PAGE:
Papulonecrotic tuberculid and Poncet disease: A case of multisystem delayed-type hypersensitivity in a patient with Mycobacterium tuberculosis infection.


10.1016/j.jdcr.2019.07.002

Publication Info

Whitley, Melodi Javid, Jason E Stout, Atul Kapila, M Angelica Selim, Parisa Mansoori and Anne L Marano (2019). Papulonecrotic tuberculid and Poncet disease: A case of multisystem delayed-type hypersensitivity in a patient with Mycobacterium tuberculosis infection. JAAD case reports, 5(9). pp. 794–797. 10.1016/j.jdcr.2019.07.002 Retrieved from https://hdl.handle.net/10161/22232.


Whitley

Melodi Javid Whitley

Assistant Professor of Dermatology

Melodi Javid Whitley, MD, PhD
Assistant Professor of Dermatology
Assistant Program Director for Trainee Research
Director of Transplant Dermatology

I am a physician scientist focused on the dermatologic care of solid organ transplant recipients.  Clinically, I manage the the complex dermatologic side effects of immunosuppression with a focus on high-risk skin cancer.  My research focuses on understanding the drivers of cutaneous malignancy in this population using translational approaches.

Stout

Jason Eric Stout

Professor of Medicine

My research focuses on the epidemiology, natural history, and treatment of tuberculosis and nontuberculous mycobacterial infections. I am also interested in the impact of HIV infection on mycobacterial infection and disease, and in examining health disparities as they relate to infectious diseases, particularly in immigrant populations.

Selim

Maria Angelica Selim

Professor of Pathology

Malignant melanoma.
Cutaneous lymphomas.
Vulvar inflammatory and pigmented lesions.

Marano

Anne Louise Marano

Assistant Professor of Dermatology

My clinical interests include autoimmune skin disease and general dermatology. In particular, I am interested in seeing patients with cutaneous lupus erythematosus, vasculitis, and dermatomyositis. I enjoy caring for patients with autoimmune skin disease because at Duke we have the experience and resources to treat many of these patients who have not had adequate therapy and make them better. I also enjoy seeing general dermatology patients and screening for skin cancer since I also have a background in oncology research.

My research path has included both basic science and clinical research. Currently, my research goal is to study cutaneous lupus erythematosus and cutaneous vasculitis to improve our care of these patients. I work alongside Dr. Adela Rambi Cardones who sees many of our patients with connective tissue disease of the skin.  

My research experience started in the basic science field back in high school when I studied hormonal receptors in breast cancer with Dr. V. Craig Jordan. I continued to study breast cancer throughout college at Duke with Dr. Donald McDonnell. When I went to medical school at Duke, my basic science oncology experience in breast cancer prompted me to join a melanoma research lab with Dr. Chuan-Yuan Li. I dedicated a year to basic science research in melanoma with the help of the Howard Hughes Medical Institute Medical Research Fellowship and this resulted in a first author publication in the Journal of Investigative Dermatology. This experience taught me to ask mechanistic questions about clinical problems. As a resident at Duke Dermatology, my focus was primarily clinical in order to learn to care for patients. Given my overlapping interests with oncology, I fell into the autoimmune skin disease realm while I worked on a project regarding the relationship of novel immunotherapies in malignancy and cutaneous autoimmune disease with Dr. Adela Rambi Cardones.  This work is ongoing and has resulted in a publication in the British Journal of Dermatology. I also completed an elective at the National Institute of Health with Dr. Edward Cowen. During this rotation, I rounded with the NIH Dermatology consult service to evaluate patients with rare diagnoses and presented at the NIH grand rounds.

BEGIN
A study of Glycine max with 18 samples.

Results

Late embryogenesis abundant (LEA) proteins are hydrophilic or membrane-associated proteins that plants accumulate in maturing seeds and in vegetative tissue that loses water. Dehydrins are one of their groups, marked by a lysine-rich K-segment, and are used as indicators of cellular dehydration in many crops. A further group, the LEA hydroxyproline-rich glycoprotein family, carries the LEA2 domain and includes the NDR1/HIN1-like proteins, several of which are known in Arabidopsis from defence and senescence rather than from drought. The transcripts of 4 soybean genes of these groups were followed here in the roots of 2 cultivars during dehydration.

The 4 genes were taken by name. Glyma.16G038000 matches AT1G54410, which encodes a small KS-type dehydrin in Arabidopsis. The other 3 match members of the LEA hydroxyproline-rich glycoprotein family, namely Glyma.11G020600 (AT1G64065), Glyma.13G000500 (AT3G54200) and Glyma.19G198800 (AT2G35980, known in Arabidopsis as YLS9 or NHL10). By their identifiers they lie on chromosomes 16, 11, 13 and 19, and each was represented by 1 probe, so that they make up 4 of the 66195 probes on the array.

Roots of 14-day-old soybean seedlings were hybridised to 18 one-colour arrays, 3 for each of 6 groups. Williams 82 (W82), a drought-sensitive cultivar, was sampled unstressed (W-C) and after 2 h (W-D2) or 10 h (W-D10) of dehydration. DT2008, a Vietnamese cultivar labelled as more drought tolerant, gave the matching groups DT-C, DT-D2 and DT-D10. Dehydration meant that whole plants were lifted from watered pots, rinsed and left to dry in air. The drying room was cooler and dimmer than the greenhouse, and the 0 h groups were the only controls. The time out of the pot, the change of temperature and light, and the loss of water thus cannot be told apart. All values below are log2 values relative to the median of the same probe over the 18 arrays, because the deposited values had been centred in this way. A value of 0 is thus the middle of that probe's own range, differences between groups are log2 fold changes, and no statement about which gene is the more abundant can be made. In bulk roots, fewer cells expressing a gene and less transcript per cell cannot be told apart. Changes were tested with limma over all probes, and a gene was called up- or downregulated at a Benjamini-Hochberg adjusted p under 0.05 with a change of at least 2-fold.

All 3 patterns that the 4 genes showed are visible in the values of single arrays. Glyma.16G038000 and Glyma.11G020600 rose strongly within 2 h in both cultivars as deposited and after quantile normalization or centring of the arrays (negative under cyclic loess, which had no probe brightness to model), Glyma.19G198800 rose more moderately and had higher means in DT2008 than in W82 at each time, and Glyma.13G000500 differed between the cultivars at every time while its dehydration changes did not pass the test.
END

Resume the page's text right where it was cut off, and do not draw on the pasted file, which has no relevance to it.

As a faculty member, my primary goal is to deliver superior patient care, collaborate with other specialties, and to educate residents and students.  I have worked on a project with a rheumatology fellow in the past and this resulted in a case report in Arthritis Care and Research. Most importantly, I came to Duke to teach, and I am most excited about patient cases that are medically complex and offer opportunities for teaching residents and students. As a former chief resident at Duke Dermatology, I have had the responsibility and privilege to instruct other residents. I feel very satisfied to witness the successful results of training other residents and hope to work with medical students in the future as well. As a former Duke medical student who applied to dermatology, I understand the pressures and need for solid mentorship and would be open to speaking with medical students or residents interested in dermatology.